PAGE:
Abbreviation for Winchester Rim Fire.
The Definition of WRF
Abbreviation for Winchester Rim Fire.
19 Other Firearms Definitions You Need To Know
Sometimes spelled Quad Rail. First conceived and sold by Knights Armament Company in the mid 90s when Reed Knight saw soldiers duct taping flashlights to their handguards in news footage of Panama, the quad rail has become almost a standard item found on most military rifles. Quad rails allow easy attachment of accessories which aid tactical shooters, such as lights, infrared lasers, foregrips, sling attachment points, and secondary sighting systems. However, nowadays, any full length forearms on an AR, with or without rails may also be refered to as a Quadrail.
A device fitted inside the buttstock of a heavily-recoiling gun or rifle, usually containing mercury and a valve. As the gun recoils, the mercury is displaced temporarily, increasing the duration, and thus diminishing the perceived impact of the recoil. The added half-pound of weight doesn't hurt either.
The tendency of a bullet to tip in flight and hit a target sideways, leaving a distinctly oblong hole. This destabilization of the spinning bullet in flight is typically caused by a bullet weight inappropriate for the rate of twist of the rifled barrel, an out-of-balance bullet or its having nicked an impediment such as a blade of grass, in flight.
A felt, paper, cardboard or plastic disk that is used in a shotshell. Also in muzzle loading, a piece of cloth used to seal the bullet in the barrel. It's purpose and function is the same as a shotgun wad.
The same as Lock Time
A shoulder-fired long gun which has a rifled barrel.
The frequency at which a firearm can fire its projectiles.
John Moses Browning was born in Ogden, Utah on January 23, 1855, and was an American
firearms designer who developed many varieties of military and civilian firearms, cartridges, and gun mechanisms,
many of which are still in use around the world.
Almost all of his design concepts can be found in some form or another in every modern automatic and semi-automatic firearm.
He is regarded as one of the most successful firearms designers of the 20th century,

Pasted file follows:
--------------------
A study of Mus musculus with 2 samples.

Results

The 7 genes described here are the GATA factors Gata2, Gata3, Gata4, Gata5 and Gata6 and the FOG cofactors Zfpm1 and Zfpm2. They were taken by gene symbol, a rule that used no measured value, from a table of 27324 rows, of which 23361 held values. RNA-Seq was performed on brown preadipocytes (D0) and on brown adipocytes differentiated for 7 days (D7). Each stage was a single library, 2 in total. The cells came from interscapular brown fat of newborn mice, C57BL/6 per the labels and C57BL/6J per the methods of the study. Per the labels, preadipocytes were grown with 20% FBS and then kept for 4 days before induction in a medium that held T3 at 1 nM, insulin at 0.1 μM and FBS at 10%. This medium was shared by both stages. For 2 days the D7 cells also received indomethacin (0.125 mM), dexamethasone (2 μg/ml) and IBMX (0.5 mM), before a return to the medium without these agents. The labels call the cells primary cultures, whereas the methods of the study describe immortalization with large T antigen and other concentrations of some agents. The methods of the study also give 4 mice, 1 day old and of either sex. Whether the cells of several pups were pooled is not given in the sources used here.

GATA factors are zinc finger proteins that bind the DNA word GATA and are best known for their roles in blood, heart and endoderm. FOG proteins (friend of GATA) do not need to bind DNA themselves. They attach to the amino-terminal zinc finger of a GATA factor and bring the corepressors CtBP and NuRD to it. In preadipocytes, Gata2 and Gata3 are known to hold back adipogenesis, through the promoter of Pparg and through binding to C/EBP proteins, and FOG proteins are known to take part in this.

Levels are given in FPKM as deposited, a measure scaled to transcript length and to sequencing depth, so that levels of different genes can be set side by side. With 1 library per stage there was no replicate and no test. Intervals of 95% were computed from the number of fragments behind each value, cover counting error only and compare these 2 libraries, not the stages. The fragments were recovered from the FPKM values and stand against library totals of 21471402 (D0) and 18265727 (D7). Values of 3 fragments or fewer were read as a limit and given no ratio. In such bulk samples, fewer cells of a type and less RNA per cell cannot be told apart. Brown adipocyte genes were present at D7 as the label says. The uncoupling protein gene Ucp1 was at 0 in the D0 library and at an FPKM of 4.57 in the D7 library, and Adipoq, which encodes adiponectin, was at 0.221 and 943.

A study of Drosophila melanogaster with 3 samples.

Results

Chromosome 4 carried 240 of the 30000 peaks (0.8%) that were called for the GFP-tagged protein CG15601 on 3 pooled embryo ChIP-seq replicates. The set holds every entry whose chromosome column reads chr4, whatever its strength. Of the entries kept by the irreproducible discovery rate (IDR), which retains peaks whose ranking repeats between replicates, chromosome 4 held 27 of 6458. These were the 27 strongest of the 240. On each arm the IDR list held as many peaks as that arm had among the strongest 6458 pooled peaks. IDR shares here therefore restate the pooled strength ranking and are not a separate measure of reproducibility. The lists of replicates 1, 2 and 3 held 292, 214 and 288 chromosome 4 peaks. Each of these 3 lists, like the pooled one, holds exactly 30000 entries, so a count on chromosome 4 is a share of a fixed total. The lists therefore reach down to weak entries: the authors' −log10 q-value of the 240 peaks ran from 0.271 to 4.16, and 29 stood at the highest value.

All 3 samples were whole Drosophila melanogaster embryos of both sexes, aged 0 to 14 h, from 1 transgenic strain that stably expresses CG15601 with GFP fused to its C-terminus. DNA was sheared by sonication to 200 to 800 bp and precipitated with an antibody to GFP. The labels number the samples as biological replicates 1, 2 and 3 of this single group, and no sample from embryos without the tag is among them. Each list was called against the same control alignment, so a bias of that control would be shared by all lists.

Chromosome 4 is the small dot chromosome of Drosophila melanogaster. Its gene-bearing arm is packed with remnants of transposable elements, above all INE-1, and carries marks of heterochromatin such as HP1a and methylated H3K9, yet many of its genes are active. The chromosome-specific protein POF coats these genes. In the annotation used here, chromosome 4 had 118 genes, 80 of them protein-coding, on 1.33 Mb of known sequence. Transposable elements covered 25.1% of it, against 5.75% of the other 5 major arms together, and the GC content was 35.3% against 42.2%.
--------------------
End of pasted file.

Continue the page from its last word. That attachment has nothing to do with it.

in the development of modern automatic and semi-automatic firearms, and is credited with 128 gun patents.
He made his first firearm at age 13 in his father's gun shop, and was awarded his first patent on October 7, 1879 at the age of 24.
The power of a projectile or a load of shot at the point that it exits the muzzle of a firearm, normally expressed in foot-pounds.
A metal cup placed on the end of a lead bullet to protect the lead against the hot gases of the burning powder charge. Used in some types of firearms ammunition when non-jacketed bullets are used in high pressure cartridges, to prevent the buildup of lead in the barrel and aid in accuracy.
Being aware of and responsible of which direction your firearm is pointed at all times, and always keeping it pointed in a safe direction.
A mark within a border, typically stamped into the wood, especially of an American military rifle. It shows the initials of the name of the accepting inspector and often, the date he accepted the firearm into service.
A clip IS NOT a magazine. A clip is used to load a magazine.
The thumb-piece on the top rear of the hammer that enables it to be manually drawn back to full cock.
On a pump-action firearm, being too gentle with the fore-end and either not pulling it all the way back at the beginning of the stroke, or not shoving it all the way forward at the end of the stroke. Which may result in the old case or shell failing to eject and a misfeeds, or the gun will not fire when the trigger is pulled. The term is used most often to refer to pump-action shotguns, but it is possible to similarly short-stroke any type of firearm which requires the user to manually cycle the action (lever action rifles, for example).
A bolt action which is locked by pressing the bolt handle in and down, thereby turning its locking lugs into the receiver.
A slang term for slide catch.
A spring-activated mechanism for the ejection of ammunition or and empty shell casing. On doubles, each barrel has a separate ejector.
An inert ammunition-shaped object, used in practice to simulate misfeeds and other malfunctions. Some folks also use them during dry fire practice to cushion the firing pin as it strikes.